There are those trips where you’re gone for so long, and so much happened, that writing about it seems to be an unconquerable chore to the point where you almost don’t want to do it at all. I’ll try to cherrypick some highlights.
After getting into Philadelphia on the 20th, I pretty much turned right around and headed for Brooklyn to do my Ill-Gotten Brains lecture at Observatory. Observatory is a really cool multi-use space, and it has a very cool, very smart built-in audience. I was so excited to see the Morbid Anatomy Library for the first time and meet Joanna Ebenstein in person. Here’s me doing my shuck-and-jive:
Afterwards I had an absolute blast hanging out with my New York friends. At my friend Tony’s Brooklyn penthouse, we had the unbelievable luck of having another guest staying there, a brewer from Allagash Brewing, who brought goodies for us to try. Sometimes I marvel at the absurd luck in my life.
Speaking of great luck, while in New York I got an email from The Bone Room in Berkeley, CA asking me to do the talk there. As luck would have it, I’m taking a rare book cataloging class at Berkeley in the fall, so we booked it for October 20. So for you Bay Area folks, mark your calendars! I am amazed and heartened to learn of all these amazing art spaces dedicated to the nerdy lectures that I like to give and watch.
After my brief jaunt to Brooklyn I was back in Philadelphia, tossed in a whirlwind of friends, concerts, local beers, and obscenely fatty foods. Then somewhere in there, I remembered that I had two conferences to attend! I was on the programming committee for this year’s Archivists and Librarians in the History of the Health Sciences meeting, and was asked to serve on the board for the next three years. We had a lovely board meeting and dinner at the Chemical Heritage Foundation.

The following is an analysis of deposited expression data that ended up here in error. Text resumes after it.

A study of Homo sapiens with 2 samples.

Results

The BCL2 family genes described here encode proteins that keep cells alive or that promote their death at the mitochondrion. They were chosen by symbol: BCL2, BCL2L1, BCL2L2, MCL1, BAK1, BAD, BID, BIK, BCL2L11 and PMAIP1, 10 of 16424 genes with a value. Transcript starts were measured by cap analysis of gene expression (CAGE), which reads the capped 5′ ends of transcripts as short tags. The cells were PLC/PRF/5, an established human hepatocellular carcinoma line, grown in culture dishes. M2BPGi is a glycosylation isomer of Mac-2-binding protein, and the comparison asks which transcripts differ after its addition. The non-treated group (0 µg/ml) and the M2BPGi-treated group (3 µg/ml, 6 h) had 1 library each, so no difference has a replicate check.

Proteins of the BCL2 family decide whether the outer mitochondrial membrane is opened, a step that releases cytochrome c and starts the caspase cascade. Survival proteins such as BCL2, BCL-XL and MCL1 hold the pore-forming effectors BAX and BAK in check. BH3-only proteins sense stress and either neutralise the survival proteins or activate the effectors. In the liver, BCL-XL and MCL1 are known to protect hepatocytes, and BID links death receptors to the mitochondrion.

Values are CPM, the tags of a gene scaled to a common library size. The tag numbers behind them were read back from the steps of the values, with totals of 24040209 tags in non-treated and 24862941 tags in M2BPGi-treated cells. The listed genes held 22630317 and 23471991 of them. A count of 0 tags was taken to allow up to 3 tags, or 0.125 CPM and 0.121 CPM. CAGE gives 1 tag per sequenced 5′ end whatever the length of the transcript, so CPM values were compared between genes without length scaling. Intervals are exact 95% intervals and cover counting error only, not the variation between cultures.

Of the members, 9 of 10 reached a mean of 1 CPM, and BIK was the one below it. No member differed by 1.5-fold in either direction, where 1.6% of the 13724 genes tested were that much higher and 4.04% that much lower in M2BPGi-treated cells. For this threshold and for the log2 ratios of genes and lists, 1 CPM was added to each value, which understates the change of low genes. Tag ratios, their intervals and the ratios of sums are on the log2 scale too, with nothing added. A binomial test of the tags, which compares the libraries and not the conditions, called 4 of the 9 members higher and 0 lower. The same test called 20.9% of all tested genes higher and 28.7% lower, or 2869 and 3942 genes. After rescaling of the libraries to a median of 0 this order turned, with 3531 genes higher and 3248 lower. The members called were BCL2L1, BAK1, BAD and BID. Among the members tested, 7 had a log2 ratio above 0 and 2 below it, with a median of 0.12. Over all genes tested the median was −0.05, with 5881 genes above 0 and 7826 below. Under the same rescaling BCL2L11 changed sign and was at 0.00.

Dinner excitement ended with an evacuating fire alarm. The next day’s programming all took place at the College of Physicians and the Mutter Museum, which was always one of my very favorite places in Philadelphia. Getting a behind-the-scenes tour by museum director Robert Hicks was one of those great moments where you get to hear great new information about your favorite place from someone you really admire. If you haven’t seen the Mutter Museum Youtube videos, you’re really missing out on a lot of fun. I find them really inspiring.
In the wet specimen room, I was agog at all of the babies in jars and body parts surrounding me in the freezing white room. Robert put his hand on a jar with a heart on the table, and he said, “This is my favorite one,” and bent down towards it and finished, “because it tastes SO GOOD!” And licked the jar from the bottom to the lid, much to our collective horror. He soon revealed that it was an incredibly believable sugar sculpture they had made for an event. My kind of humor.
The rest of my days in Philadelphia were spent at the American Association for the History of Medicine, which had a lot of interesting talks, but my favorite by far was the lunch session by Observatory’s Joanna Ebenstein, National Library of Medicine’s Michael Sappol (who made the incredible Dream Anatomy book), and Lisa Rosner (of Burke and Hare fame) and others, talking about alternative audiences for history of medicine. Definitely up my alley. Lisa and her colleague made a multi-player role playing game about the smallpox epidemic in 19th century Edinburgh, where you can be the patient, the doctor, or the virus! So rad.
If you want to get a sense of my extracurriculars while I was in Philadelphia, you can check out my flickr set from the trip. Some keywords might include: music, beer, dogs, kids, zombies, cranberry bogs, Phillies.
Now I have about 10 days to get myself ready for my first Medical Library Association conference in Minneapolis. Juggling all the sessions, obligations, and invites to free food/booze is already proving near impossible. Here goes nothing, again!